While the recent 50th anniversary commemoration of the "March on Washington" to demand rights for African Americans focused attention on Martin Luther King, Jr.'s unfinished domestic agenda in the United States, Dr. King was also strongly committed to a global human rights movement, particularly related to Africa.
In 1957 he visited Ghana for the presidential inauguration of Kwame Nkrumah. During and after that trip, he spoke frequently of what the U.S.
civil rights movement and anti-colonial movements in Africa shared. "Our struggles are a common struggle," he asserted.
A half century later, Africa has progressed dramatically, with most African nations holding democratic elections, reforming their economies and building peace. But for millions, equality is still a dream, and peace is still a promise.
For example, the two deadliest wars in the world since the March on Washington have been fought in Congo and Sudan. About eight million people have died in those two conflicts, with millions more driven from their homes by terrible human rights atrocities.
In 1963, Dr. King understood that apartheid and colonialism were rooted in racism and economic exploitation. Today, racism and economic exploitation are at the heart of crises in places like Sudan and Congo.
In the same way that the civil rights movement demanded peaceful change in America in 1963, brave citizens in Congo, Sudan and elsewhere across the continent are standing up today for peace, justice and freedom despite grave personal risk. These activists, who are living Dr. King's struggle in their own countries, deserve the support of Americans, just as American civil rights activists received support from around the world for their efforts.
Dr. King pressed repeatedly for a boycott of the apartheid regime in South Africa. This helped inspire a global anti-apartheid movement that eventually helped free Nelson Mandela and see the end of legalized discrimination in South Africa.
That in turn inspired the movement against blood diamonds that helped end three African wars: those Liberia, Sierra Leone and Angola. That further inspired the Darfur anti-genocide movement that forced the Khartoum regime to allow life-saving aid for hundreds of thousands of people.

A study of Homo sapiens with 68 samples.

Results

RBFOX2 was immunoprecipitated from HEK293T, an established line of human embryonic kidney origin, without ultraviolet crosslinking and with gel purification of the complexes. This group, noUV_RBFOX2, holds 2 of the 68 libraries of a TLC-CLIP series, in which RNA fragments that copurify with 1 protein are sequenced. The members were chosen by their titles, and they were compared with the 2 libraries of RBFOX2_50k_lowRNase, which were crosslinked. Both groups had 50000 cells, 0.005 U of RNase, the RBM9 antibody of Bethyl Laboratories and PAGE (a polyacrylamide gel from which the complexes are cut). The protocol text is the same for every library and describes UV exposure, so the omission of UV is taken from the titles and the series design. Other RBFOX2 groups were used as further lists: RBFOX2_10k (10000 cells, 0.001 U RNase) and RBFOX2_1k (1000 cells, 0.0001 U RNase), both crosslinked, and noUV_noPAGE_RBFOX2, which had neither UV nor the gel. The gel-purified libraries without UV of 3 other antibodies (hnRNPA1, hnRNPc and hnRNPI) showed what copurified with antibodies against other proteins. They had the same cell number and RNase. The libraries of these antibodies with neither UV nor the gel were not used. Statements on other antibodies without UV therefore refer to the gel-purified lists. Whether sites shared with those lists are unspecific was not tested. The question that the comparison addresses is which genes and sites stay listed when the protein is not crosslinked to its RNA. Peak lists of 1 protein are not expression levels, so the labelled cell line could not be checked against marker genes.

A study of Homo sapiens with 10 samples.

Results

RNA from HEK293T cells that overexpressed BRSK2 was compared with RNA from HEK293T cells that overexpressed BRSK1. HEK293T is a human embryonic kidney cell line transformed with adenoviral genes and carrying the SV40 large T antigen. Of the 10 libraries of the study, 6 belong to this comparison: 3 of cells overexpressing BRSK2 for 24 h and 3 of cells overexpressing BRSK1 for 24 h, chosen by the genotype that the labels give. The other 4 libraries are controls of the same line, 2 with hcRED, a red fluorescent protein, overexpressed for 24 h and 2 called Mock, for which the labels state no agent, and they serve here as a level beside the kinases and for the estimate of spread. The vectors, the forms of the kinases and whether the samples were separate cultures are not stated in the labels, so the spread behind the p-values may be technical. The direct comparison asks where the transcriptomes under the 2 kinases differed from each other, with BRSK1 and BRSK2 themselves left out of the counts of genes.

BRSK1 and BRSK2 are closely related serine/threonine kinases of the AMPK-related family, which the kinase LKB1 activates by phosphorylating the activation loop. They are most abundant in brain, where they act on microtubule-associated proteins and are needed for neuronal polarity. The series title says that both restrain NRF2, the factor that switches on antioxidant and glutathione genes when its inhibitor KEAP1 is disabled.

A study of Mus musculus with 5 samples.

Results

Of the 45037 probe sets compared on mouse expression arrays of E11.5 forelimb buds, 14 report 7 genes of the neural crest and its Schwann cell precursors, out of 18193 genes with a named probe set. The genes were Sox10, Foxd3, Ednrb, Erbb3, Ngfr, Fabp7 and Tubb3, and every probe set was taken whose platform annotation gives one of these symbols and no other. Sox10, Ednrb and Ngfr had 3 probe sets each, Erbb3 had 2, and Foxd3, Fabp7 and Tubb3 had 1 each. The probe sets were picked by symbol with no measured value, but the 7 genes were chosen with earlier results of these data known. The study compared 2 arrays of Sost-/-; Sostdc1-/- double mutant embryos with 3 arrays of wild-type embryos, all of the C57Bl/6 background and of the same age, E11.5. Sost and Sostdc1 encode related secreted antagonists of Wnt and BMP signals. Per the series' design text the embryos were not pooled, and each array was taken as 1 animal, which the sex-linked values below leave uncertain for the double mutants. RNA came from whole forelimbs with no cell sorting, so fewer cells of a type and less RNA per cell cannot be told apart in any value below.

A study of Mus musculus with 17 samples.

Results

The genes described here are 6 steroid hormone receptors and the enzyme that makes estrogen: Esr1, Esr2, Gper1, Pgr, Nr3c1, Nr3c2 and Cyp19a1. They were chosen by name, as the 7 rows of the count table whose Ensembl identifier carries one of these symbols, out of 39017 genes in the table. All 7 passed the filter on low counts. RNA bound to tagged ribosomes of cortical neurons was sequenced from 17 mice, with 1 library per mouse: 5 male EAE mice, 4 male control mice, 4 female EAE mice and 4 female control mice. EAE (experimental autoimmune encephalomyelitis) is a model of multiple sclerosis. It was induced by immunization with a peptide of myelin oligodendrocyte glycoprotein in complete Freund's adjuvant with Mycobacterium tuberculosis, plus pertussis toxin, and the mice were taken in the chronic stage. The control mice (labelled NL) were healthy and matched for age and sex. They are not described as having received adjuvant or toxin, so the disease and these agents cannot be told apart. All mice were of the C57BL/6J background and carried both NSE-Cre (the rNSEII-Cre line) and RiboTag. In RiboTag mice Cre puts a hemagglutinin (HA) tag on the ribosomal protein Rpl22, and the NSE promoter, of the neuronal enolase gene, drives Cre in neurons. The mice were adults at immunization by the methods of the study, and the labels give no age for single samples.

This then more recently provided the inspiration for two present day social movements: the first to stop child soldier recruitment and end the threat posed by Joseph Kony and his Lord's Resistance Army in central Africa; and the other to end the deadly trade in conflict minerals from Congo which powers our cell phones and laptops.
These new global human rights movements are led and driven primarily by students, with faith-based groups playing an important role as well. They are all social movements rooted in the traditions of the U.S. civil rights movement.
Dr. King's reflections on the global phenomenon of racism became more nuanced and urgent as his work progressed. In 1967 he concluded, "... racism and its perennial ally, economic exploitation, provide the key to understanding most of the international complications of this generation."
The model of racist ethnic mobilization fuelled by economic motivations which Dr. King opposed in South Africa, is - with variations - the same as that which helps drive conflict, limit opportunities and restrict democratic space in Sudan, Congo and other African states in crisis.
In Sudan, south Sudanese rebelled against a minority regime that concentrated all political power and oil wealth in its hands. More than two million southerners died before finally winning the right to self-determination, resulting in the creation of the new state of South Sudan.
But the Sudan that is left behind remains governed by the same minority dictatorship, fomenting ethnic and racial divisions in Darfur (where newfound gold is being violently extracted to sustain the regime) and the Nuba Mountains in order to contain rebellions there and in other parts of the country. Until that fundamental approach to governance is reformed, finally addressing the racial discrimination and economic exploitation that sustains dictatorship in Khartoum, there will be conflict.
Similarly in Congo, the deadliest war in the world has been fueled by a struggle over the spoils of natural resource exploitation, including land and the "conflict minerals" that power our electronic products.
Ethnic mobilization, exclusion and demonization are at the heart of the strategies of the governments in the region that have battled inside Congo directly and through proxy militias. Until that exploitative nexus between Congo, Rwanda and Uganda is addressed, peace and equal opportunity are not possible.
The United States still retains important influence in both Sudan and Congo, and in other troubled African states. Redoubling efforts to help the people in those countries struggling for peace and equality would be a worthy legacy of Dr. King's vision.
John Prendergast is a human rights activist, a former U.S. diplomat and the co-founder of the Enough Project, an initiative to end genocide and crimes against humanity.